They’re easy to take for granted, but it’s hard to get anywhere without them. And when they hurt, it can be tough to concentrate on anything else. So pamper your feet to keep them at their best.


Your feet take a beating every day, and small problems can turn into big ones if you ignore them. Look over your feet each day for cuts, sores, loose or discolored toenails, swelling, or rashes.


When you’re walking, they’re working -- and they sweat, too. When the cracks and crevices between your toes are trapped in your shoes, they’re a warm, moist place that’s ideal for fungus. And that can lead to things like athlete’s foot. When you wash your feet, the water shouldn’t be too hot -- between 90 and 95 degrees is best -- and don't forget to get between your toes.


This may seem obvious, but many people don’t dry their feet the right way. It’s not just the tops and bottoms: You should get between your toes -- where fungus is most likely to cause problems.


After you dry your feet, sprinkle cornstarch or talcum powder on them to help keep them dry. If you have athlete’s foot or some other infection, you can try special medicated foot powders that help with itching, too.


It may feel good at the time, but soaking your feet for long periods can lead to dry, cracked skin that can cause pain, sores, and even infection. Wash, dry, powder, and repeat -- and leave it at that. Save the soaking for your beans.


Lotion, cream, petroleum jelly -- whatever moisturizer you prefer -- put a thin coat of it on the tops and bottoms of your feet. Make sure to rub it all the way in and skip between your toes, where too much moisture can cause trouble.


You want to cut them straight across. You can smooth the corners with an emery board or nail file, but don’t angle them. That can cause your toenails to grow into your skin, which is painful and can lead to infection. Have a foot doctor trim them if you can’t see, reach, or feel your feet, or your toenails are thick, yellowed, or grown into your skin.


Wiggle your toes a couple of times a day for 5 minutes at a time. Move your ankles around to help even more. Don’t cross your legs for long periods or wear tight socks -- that can mess with your blood flow.


Foot stretches and massage -- with a ball or roller -- are good for your feet and can help manage painful conditions like plantar fasciitis, an injury to the sole of your foot that comes from overuse. Talk to your doctor or physical therapist about which stretches are right for you.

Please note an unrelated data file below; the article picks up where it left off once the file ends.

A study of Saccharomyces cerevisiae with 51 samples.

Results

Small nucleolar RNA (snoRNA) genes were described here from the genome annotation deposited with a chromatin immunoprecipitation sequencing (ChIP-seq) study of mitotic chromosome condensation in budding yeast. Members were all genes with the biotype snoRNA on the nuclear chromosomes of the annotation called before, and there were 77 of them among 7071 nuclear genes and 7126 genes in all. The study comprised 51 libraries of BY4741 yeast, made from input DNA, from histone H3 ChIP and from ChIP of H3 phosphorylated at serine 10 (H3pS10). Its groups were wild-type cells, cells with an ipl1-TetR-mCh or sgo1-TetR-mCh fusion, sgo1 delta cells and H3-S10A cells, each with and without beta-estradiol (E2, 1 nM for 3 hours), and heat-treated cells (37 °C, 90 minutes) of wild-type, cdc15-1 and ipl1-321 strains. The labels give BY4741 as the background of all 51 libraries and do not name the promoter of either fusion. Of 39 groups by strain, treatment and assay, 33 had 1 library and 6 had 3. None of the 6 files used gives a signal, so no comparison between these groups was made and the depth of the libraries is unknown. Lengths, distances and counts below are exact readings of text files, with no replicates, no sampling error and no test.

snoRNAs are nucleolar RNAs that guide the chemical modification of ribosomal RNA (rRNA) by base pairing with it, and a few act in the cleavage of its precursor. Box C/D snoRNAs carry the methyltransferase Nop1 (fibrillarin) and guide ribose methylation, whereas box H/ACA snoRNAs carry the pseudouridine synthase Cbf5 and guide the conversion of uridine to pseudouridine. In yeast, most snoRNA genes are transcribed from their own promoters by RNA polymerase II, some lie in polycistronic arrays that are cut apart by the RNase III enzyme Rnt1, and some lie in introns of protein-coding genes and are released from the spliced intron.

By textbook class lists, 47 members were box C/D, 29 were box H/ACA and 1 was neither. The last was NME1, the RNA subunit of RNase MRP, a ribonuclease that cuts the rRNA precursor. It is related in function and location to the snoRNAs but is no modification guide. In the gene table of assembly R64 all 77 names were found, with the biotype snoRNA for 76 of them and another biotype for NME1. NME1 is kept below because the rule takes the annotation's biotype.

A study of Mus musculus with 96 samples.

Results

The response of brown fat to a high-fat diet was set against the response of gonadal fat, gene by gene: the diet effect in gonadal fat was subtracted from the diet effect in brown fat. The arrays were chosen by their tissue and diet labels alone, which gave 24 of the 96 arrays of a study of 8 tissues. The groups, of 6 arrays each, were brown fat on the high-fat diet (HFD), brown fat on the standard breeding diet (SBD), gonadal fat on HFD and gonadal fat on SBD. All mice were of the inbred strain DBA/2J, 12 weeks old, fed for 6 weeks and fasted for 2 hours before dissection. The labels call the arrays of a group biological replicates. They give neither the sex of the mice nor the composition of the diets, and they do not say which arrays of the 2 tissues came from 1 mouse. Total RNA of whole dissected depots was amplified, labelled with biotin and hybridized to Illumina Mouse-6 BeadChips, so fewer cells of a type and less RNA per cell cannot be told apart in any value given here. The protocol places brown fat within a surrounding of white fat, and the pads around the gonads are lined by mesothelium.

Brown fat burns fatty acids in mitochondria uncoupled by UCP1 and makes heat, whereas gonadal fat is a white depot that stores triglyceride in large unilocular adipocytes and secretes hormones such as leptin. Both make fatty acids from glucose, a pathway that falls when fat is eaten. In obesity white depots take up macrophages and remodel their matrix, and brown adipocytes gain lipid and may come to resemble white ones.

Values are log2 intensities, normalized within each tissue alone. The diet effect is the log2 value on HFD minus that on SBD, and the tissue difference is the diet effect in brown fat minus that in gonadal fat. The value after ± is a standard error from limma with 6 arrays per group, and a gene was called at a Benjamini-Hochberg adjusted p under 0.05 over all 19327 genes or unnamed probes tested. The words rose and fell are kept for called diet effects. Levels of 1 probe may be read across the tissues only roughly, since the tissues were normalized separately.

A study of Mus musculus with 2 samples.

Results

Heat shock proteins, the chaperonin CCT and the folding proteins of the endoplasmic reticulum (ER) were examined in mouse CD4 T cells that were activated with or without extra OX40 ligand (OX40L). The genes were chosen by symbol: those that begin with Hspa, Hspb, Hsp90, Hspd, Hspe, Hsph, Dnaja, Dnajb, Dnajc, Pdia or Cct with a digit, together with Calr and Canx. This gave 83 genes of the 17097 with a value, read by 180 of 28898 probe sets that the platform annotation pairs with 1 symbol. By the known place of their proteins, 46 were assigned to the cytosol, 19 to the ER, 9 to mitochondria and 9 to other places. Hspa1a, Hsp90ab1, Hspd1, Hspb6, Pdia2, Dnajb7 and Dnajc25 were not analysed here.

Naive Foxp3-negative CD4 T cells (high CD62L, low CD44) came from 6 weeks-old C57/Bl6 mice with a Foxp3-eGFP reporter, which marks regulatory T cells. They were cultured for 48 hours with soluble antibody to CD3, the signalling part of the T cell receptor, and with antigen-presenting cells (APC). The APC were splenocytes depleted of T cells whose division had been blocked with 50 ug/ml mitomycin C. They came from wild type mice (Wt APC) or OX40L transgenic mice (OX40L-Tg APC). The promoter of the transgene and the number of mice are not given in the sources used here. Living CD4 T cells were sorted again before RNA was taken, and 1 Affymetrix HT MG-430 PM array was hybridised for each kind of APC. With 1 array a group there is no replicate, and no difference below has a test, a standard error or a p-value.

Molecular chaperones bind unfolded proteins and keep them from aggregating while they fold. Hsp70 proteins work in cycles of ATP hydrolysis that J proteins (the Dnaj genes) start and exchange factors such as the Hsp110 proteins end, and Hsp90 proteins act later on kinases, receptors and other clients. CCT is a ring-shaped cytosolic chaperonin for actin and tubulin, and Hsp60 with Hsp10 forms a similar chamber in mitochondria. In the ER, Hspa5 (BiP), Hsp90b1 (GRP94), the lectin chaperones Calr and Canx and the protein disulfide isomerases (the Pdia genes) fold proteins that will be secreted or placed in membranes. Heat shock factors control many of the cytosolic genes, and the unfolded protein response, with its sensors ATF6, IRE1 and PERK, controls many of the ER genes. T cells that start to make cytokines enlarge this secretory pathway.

You can use a special kind of stone called pumice on these. After you bathe or shower, rub the stone gently over the area. Don’t cut them or use corn plasters, “liquid corn,” or callus removers -- they can cause infection. If you have this done as part of a pedicure at a salon, make sure the footbaths and tools are clean and that the technician washes her hands between clients.


When you need a new pair, it’s best to try them on at the end of the day, when your feet are largest. Make sure that there’s plenty of room for your toes and that they fit when you get them -- don’t expect them to “stretch out.” And as pretty as they are, high heels and shoes with pointed toes are really hard on your feet.


Just a few minutes of activity a day can help your blood flow, which can lead to healthier feet. You don’t have to run a marathon, unless you really want to. Walking, biking, swimming, dancing -- even gardening -- will work. Get the right kind of supportive shoes for your activity, and ask your doctor if you’re not sure what’s right for you.


Keep your feet safe from the hot pavement in the summer with sandals or shoes, and protect them from sunburn. Many people overlook the top of their feet when they put on sunscreen, but that's a common place to get a burn. In the cold of winter, lined boots are your feet’s best friend.


It’s even more important to take care of your feet if you have diabetes, especially if you have pain, numbness, changes in the shape of your feet, or sores that don’t heal. The condition lowers blood flow and can damage nerves in your feet. You may need to talk with a foot doctor -- a podiatrist -- to make sure you’re doing all you can for them.


IMAGES PROVIDED BY:

1) Yobro10 / Thinkstock

2) AndreyPopov / Thinkstock

3) offstocker / Thinkstock

4) Dorling Kindersley / Getty Images

5) Donald Iain Smith / Getty Images

6) ColorBlind Images / Thinkstock

7) AndreyPopov / Thinkstock

8) Manuel-F-O / Thinkstock

9) KharitonovaTatiana / Thinkstock

10) WebMD

11) Anthony-Masterson / Getty Images

12) Gavin Kingcome Photography / Getty Images

13) ipopba / Thinkstock

14) Deagreez / Thinkstock

15) BELMONTE / age fotostock

 

SOURCES:

American Academy of Dermatology: “Manicure and pedicure safety.”

American Orthopaedic Foot & Ankle Society: “Plantar Fasciitis.”

National Institutes of Health: “Plantar Fasciitis: A Concise Review,” “Blistex Odor Eaters Medicated Foot - menthol, unspecified form powder,” “Take Care of Your Feet for a Lifetime.”

CDC: “Living with Diabetes: Keep Your Feet Healthy.”

Silverman Ankle and Foot: “Sunburnt Feet: Treatment and Prevention.”

Reviewed by William Blahd, MD on December 05, 2016

This tool does not provide medical advice. See additional information.

THIS TOOL DOES NOT PROVIDE MEDICAL ADVICE. It is intended for general informational purposes only and does not address individual circumstances. It is not a substitute for professional medical advice, diagnosis or treatment and should not be relied on to make decisions about your health. Never ignore professional medical advice in seeking treatment because of something you have read on the WebMD Site. If you think you may have a medical emergency, immediately call your doctor or dial 911.